Private view: Thursday 28 June, 6.30 – 8.30pm
Exhibition continues: 29 June – 4 August 2012
Anna Barriball, George Condo, Nadine Fecht, Olivier Gourvil, Anthony McCall, Chris Ofili, Johannes Phokela, Michael Raedecker, Frances Richardson, Perry Roberts, Danny Rolph, Thomas Scheibitz, Michael Stubbs, Marcel van Eeden
This exhibition explores the power, subtlety, humour and ephemerality of the most basic of artistic tools: pencil and paper. It presents a selection of original and rarely-seen works, including two pieces created specifically for this show by Michael Raedecker and Chris Ofili. And it makes the case for these simple media, by demonstrating their limitless potential.
Pencil is often thought of as a tool for preparatory sketches. But some of those preparatory sketches have qualities to which the finished works could never aspire. Johannes Phokela’s exquisite contribution to the exhibition was originally intended a study for a sculpture of Atlas. George Condo’s ‘Don Pepito’ has a lyrical rawness, a swiftness of touch and a casual charm unique to the medium. Thomas Scheibitz’s piece is destined for its place in a full colour rendering of the same motif, but holds its own as an intimate doodle.
Other drawings in this show were made by artists returning to first principles to experiment with form and process. Michael Stubbs’s piece uses graphic templating techniques; Frances Richardson’s precise mark-making appears almost mathematical. Danny Rolph plays with the quality of line to create the illusion of spatial depth. Nadine Fecht’s meticulous graphics create striking optical effects with very basic means. And Anthony McCall’s drawing masquerades as a coincidental trace but is in fact carefully orchestrated.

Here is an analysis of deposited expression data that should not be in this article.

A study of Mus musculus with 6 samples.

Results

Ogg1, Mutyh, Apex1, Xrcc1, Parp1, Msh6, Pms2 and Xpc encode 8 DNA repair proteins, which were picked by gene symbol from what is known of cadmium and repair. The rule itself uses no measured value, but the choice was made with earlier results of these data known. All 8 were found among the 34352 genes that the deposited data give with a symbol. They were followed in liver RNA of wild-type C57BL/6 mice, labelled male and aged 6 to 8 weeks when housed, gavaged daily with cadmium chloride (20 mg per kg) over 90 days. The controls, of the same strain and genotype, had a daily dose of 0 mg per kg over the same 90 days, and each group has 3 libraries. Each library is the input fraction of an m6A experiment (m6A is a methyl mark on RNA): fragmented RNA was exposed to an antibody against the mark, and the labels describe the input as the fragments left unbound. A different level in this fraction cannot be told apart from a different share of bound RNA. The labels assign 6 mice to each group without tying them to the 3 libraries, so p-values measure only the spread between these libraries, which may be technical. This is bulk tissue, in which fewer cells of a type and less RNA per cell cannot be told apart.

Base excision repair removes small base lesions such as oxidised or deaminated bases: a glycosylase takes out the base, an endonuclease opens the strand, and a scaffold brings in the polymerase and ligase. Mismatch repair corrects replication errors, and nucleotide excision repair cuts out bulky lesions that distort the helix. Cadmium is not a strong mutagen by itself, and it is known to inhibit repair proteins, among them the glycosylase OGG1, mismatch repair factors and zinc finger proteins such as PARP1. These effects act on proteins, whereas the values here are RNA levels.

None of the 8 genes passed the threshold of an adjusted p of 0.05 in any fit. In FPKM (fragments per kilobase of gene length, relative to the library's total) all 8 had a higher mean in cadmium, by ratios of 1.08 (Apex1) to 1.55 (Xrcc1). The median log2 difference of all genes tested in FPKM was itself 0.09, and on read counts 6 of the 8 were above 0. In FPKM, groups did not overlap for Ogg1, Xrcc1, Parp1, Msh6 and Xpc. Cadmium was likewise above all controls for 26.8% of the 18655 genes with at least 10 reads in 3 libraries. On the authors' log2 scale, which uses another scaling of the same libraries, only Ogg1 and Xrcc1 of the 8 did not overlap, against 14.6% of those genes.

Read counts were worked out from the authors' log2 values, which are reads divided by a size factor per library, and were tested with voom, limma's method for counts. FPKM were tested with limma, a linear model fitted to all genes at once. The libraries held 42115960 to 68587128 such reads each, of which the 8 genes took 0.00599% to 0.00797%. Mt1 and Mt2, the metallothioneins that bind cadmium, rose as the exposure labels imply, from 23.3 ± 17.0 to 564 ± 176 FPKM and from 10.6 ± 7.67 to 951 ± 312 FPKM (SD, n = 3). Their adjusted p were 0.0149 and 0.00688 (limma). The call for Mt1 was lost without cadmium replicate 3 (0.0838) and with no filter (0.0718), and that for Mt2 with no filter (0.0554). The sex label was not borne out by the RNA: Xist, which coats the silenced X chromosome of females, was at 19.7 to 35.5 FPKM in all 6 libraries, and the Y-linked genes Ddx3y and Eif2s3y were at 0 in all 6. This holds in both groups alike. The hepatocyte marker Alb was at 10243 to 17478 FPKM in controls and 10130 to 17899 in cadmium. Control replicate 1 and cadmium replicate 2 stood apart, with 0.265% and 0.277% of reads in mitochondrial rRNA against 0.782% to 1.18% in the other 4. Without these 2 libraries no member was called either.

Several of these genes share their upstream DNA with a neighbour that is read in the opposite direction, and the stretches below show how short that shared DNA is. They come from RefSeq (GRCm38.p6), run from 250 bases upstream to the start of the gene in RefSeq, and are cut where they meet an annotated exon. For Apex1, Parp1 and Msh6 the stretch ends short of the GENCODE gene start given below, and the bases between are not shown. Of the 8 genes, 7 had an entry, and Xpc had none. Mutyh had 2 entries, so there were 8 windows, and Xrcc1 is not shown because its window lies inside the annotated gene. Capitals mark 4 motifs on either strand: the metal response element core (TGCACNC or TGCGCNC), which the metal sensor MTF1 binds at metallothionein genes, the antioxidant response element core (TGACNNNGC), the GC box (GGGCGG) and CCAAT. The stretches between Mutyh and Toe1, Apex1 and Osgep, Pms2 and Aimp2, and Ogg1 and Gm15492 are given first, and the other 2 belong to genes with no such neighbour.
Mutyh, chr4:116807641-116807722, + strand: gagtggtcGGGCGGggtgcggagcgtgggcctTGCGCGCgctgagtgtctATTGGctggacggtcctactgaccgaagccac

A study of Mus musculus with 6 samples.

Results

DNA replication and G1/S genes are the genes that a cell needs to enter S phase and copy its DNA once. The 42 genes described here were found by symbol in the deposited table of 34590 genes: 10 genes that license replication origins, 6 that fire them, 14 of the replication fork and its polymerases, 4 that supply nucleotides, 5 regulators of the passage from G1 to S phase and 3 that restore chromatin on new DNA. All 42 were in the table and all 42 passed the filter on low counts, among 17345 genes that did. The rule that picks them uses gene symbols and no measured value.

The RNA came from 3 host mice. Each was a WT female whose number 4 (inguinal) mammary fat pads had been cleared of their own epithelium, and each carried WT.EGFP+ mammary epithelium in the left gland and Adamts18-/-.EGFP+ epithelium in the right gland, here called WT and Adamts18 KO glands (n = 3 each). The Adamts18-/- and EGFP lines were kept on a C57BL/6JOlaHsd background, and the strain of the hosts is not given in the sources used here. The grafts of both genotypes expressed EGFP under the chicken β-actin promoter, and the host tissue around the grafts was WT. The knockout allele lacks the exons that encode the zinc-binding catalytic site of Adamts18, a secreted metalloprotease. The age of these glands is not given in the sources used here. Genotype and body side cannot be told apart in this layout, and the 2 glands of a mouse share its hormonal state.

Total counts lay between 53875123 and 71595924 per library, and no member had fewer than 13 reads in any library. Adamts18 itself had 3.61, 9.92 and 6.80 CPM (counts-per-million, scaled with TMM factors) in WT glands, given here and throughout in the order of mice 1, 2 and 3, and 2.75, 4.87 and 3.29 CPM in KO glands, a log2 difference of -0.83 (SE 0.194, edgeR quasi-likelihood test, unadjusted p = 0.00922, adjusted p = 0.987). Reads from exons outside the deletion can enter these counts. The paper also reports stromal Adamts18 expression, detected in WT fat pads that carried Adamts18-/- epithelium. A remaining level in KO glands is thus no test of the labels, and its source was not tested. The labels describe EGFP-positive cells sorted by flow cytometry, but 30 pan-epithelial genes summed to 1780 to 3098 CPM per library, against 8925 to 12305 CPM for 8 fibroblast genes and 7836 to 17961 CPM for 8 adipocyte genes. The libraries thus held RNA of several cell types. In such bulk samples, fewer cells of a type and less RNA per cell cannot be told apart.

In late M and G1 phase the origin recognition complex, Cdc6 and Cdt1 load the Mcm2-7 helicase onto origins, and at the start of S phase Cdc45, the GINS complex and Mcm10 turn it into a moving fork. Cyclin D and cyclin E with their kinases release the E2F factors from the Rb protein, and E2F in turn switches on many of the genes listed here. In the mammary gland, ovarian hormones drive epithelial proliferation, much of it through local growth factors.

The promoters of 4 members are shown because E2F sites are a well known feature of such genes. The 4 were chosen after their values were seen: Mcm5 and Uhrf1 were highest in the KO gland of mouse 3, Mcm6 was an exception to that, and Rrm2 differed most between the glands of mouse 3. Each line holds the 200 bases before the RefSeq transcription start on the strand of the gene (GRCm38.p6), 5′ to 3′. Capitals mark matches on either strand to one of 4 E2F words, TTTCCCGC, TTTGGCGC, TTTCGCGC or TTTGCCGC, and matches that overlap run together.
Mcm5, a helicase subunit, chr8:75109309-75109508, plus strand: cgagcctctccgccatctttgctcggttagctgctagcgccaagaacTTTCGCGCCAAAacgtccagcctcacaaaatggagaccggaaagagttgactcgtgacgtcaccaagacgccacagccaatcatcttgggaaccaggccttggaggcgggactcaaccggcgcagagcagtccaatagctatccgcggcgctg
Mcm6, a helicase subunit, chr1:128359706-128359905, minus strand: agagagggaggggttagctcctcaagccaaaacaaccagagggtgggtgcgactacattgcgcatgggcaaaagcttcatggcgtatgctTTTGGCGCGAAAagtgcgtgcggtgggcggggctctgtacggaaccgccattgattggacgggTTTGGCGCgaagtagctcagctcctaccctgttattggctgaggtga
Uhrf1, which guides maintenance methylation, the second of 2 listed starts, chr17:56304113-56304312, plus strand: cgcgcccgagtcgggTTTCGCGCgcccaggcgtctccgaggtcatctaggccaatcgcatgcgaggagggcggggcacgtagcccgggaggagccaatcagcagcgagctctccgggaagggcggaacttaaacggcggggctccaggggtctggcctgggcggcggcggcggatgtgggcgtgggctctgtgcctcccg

Finally, there are works that push the idea of drawing beyond its conventional limits, and into the realm of conceptual. Anna Barriball’s ‘Sunrise/Sunset X’ - a graphite imprint of a surface in relief - sits somewhere between drawing and sculpture. Marcel Van Eeden’s text piece juxtaposes the fragility of the medium with the anger of the message. Meanwhile, Perry Roberts’ text piece ‘Silence’ brandishes that fragility – it was created as pencil’s answer to Ed Ruscha’s painted text ‘Noise’.
Pencil and Paper is curated by Danny Rolph, whose own work always takes drawing as its point of departure. This exhibition is his love letter to, and his manifesto for, the medium, and his tribute to a group of artists whose own practice nurtures his.